Despite their constant push, neither the US nor China could outbid the western European countries as a leader in the electric vehicle consumption in 2018. The country with the highest EV penetration last year was Norway, where one in three new cars sold was pure electric.
According to the Norwegian Road Federation (NRF), more than 31% of the cars sold last year were pure-breed electric, Reuters reported. This new global record was set as part of Norway’s pledge to shift completely towards environment-friendly vehicles by 2025.
EV consumption in Norway has been steadily increasing since 2013 when the market share was just around 8%. Norway offers a slew of benefits to electric car owners including lower taxes and free charging points.
However, overall car sales slid about 7% in 2018, the NRF data showed. This has been a deviation from the earlier steady increase in year-over-year auto sales. Nissan, BMW and Volkswagen and Tesla (TSLA) were the top sellers last year.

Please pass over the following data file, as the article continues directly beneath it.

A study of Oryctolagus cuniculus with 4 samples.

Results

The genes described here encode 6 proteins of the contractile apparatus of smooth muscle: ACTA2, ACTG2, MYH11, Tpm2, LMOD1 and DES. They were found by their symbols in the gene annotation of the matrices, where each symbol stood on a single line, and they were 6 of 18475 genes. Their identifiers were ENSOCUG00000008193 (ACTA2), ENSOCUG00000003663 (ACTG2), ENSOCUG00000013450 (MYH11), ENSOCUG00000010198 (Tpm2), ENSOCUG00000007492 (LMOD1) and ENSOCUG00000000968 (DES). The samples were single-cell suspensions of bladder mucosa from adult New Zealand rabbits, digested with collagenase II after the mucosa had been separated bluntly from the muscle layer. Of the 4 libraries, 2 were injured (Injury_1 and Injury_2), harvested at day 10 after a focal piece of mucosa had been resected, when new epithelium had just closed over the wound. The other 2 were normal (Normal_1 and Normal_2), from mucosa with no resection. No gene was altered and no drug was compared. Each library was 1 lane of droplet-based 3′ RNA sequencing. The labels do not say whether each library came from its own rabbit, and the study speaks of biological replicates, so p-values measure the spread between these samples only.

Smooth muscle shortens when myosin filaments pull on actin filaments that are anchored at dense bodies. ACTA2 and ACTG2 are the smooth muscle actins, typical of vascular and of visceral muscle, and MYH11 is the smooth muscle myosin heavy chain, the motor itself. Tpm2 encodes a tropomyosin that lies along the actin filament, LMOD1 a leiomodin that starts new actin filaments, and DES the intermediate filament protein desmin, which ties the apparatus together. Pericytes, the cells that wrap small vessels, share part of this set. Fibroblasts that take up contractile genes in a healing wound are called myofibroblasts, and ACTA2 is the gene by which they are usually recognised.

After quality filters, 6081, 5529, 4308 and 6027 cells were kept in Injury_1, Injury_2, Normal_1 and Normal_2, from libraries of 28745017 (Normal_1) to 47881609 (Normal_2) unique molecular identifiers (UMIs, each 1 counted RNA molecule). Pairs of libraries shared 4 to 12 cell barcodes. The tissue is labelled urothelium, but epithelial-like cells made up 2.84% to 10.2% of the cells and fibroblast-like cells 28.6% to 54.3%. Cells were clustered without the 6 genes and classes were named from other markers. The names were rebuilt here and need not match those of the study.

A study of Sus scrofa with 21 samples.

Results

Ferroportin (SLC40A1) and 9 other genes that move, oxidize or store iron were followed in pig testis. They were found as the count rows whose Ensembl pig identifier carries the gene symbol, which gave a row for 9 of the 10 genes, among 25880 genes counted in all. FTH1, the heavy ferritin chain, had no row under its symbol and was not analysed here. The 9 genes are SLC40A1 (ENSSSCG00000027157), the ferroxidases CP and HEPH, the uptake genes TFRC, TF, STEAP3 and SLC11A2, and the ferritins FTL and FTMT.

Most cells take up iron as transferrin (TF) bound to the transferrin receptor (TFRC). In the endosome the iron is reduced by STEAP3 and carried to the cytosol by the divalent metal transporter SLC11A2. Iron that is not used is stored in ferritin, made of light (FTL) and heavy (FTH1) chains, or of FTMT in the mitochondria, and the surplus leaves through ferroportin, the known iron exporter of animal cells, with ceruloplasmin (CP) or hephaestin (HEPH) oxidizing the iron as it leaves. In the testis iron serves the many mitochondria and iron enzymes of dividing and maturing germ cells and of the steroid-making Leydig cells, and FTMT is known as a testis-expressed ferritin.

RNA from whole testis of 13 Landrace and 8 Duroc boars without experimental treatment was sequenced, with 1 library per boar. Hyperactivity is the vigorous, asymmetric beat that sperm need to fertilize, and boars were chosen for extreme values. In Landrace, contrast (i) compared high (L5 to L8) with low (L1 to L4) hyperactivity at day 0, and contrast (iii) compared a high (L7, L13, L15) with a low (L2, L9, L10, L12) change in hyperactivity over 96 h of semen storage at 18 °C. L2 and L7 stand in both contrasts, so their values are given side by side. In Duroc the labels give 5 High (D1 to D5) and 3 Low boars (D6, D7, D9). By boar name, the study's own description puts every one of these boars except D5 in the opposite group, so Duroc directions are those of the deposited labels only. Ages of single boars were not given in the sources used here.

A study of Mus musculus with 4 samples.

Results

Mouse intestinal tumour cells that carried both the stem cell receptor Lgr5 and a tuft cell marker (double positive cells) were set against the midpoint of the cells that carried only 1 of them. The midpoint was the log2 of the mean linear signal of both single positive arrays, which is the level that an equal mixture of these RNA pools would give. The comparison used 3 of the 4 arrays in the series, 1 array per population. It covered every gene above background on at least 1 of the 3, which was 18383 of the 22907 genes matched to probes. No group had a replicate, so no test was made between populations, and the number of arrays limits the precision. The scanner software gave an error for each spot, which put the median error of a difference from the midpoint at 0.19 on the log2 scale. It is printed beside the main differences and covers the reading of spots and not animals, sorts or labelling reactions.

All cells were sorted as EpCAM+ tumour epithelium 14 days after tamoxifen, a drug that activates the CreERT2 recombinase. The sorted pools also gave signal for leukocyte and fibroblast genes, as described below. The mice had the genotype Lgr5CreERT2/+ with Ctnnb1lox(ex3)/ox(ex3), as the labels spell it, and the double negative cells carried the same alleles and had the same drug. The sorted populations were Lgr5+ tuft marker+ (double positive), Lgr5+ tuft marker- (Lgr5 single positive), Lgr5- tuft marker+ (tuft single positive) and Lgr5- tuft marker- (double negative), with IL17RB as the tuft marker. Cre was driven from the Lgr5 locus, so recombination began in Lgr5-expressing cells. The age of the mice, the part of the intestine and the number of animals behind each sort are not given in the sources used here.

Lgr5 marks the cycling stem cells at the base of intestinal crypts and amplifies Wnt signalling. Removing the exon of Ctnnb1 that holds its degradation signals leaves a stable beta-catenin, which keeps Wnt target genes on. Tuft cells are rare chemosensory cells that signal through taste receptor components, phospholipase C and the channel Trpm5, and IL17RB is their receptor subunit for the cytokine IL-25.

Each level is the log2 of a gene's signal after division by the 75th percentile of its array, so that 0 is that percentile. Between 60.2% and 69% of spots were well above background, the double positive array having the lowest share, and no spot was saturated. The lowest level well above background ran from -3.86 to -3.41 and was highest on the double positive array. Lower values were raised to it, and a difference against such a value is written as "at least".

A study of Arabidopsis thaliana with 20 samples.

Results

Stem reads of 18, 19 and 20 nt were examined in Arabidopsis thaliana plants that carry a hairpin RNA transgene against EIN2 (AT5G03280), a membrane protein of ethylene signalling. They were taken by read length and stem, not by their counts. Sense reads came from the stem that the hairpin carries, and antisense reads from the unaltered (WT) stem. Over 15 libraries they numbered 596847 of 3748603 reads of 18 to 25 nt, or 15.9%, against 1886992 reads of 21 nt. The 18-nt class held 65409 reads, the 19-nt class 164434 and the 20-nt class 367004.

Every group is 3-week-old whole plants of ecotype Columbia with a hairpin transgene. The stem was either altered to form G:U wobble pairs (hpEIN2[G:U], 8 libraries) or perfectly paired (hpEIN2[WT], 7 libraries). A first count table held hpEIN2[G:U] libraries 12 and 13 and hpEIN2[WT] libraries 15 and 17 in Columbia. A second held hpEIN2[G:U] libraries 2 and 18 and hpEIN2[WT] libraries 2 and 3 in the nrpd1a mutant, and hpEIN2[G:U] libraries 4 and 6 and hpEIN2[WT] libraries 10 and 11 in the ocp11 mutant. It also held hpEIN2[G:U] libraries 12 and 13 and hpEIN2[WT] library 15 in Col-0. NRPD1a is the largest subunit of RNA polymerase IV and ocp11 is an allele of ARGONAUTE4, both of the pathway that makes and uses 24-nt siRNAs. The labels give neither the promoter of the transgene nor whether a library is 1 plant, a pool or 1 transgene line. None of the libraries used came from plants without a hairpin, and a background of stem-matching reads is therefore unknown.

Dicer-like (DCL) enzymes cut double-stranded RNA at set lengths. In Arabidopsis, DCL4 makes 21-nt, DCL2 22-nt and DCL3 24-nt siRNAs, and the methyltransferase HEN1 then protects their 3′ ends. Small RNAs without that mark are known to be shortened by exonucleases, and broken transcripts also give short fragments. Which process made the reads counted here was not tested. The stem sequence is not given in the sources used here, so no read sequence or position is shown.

Meanwhile, data compiled by The International Energy Agency shows EV market share in Norway at around 40%, including hybrid vehicles. This is miles ahead of the runner-up Iceland, which has about 12% market penetration. The US and China are way below these European countries with a market share of 1.2% and 2.2% respectively.
The US government had recently slashed its EV tax credit by half to $3,750, effective January 1. Following this move, EV pioneer Tesla had reduced the price tag on its new electric vehicles by $2,000 to offset the tax credit cut.